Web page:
Other Substantive Article Types (Nonresearch, Nonreview) - Types of Articles

AMA Manual of Style - Stacy L. Christiansen, Cheryl Iverson 2020

Other Substantive Article Types (Nonresearch, Nonreview)
Types of Articles

Articles that present substantive content but do not include the methodologic approaches used in original research reports or the comprehensiveness of systematic reviews are common in biomedical journals. For instance, the Clinical Review and Education section of the JAMA Network journals includes a variety of diverse types of articles, ranging from longer, detailed reports that summarize available evidence on a topic to shorter reports that have an educational focus.

More detailed articles, which may be designated as Special Communications (or Special Articles or specific article types) to differentiate them from Research articles and Reviews, address important topics in clinical medicine, public health, health policy, or medical research in a scholarly, thorough, well-referenced, and evidence-based manner and summarize existing data and information. In biomedical journals, these articles may address major issues (eg, health care policy of ethical issues in a specific country or global comparisons) or may represent authoritative reports directly relevant to clinical practice (eg, clinical practice guidelines, consensus statements, or recommendation statements from governmental agencies). These articles usually have a structured Abstract (although the format may vary, depending on the nature and topic of the article), along with the following sections: Introduction, Methods (if applicable, eg, explaining the methods for guideline development), Results/Recommendations, and Discussion, along with References, Tables and Figures, Article Information, Acknowledgments, online-only Supplemental content, and perhaps Multimedia content.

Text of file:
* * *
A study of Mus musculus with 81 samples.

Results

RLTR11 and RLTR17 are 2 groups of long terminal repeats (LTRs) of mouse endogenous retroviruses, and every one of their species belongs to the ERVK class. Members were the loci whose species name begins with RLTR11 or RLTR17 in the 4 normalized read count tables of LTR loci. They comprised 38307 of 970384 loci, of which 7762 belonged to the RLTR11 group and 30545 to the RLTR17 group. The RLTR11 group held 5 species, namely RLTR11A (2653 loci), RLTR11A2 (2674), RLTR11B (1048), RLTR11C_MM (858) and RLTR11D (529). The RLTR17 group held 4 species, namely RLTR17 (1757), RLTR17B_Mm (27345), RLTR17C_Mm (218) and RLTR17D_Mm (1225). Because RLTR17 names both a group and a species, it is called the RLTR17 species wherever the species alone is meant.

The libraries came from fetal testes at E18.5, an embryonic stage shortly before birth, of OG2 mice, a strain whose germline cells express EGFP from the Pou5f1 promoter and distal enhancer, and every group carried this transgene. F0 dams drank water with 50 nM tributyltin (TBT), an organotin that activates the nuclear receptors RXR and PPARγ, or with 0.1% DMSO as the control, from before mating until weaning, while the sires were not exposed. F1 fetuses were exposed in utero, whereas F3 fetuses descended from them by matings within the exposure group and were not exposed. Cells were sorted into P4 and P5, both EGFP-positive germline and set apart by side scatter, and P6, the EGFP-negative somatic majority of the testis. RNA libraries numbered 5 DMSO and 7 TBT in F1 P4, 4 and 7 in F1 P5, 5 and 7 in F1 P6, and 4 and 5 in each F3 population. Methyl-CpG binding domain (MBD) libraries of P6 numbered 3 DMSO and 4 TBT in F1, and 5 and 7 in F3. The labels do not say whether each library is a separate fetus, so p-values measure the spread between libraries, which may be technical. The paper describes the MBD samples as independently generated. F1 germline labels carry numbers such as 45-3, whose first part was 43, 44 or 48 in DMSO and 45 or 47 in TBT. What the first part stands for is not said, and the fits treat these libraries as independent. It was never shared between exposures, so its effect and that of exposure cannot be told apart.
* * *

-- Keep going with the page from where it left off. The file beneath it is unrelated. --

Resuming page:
Other substantive nonresearch, nonreview articles may present educational content or other information using various article formats according to the specific topic and usually consist of brief, focused articles. For instance, Clinical Guidelines Synopsis articles provide a succinct summary of recent guidelines from authoritative sources; Guide to Statistics and Methods articles present a concise explanation of a focused statistical concept, often based on that statistical approach as used in a related research report; and Clinical Challenge articles present a case-based clinical dilemma with diagnostic and treatment options in a question and answer format.

These and other articles provide useful information about relevant topics for journal readers and may serve as useful educational material for students and trainees. Because of the variability of the content of these brief articles, there is no standard format for these educational reports.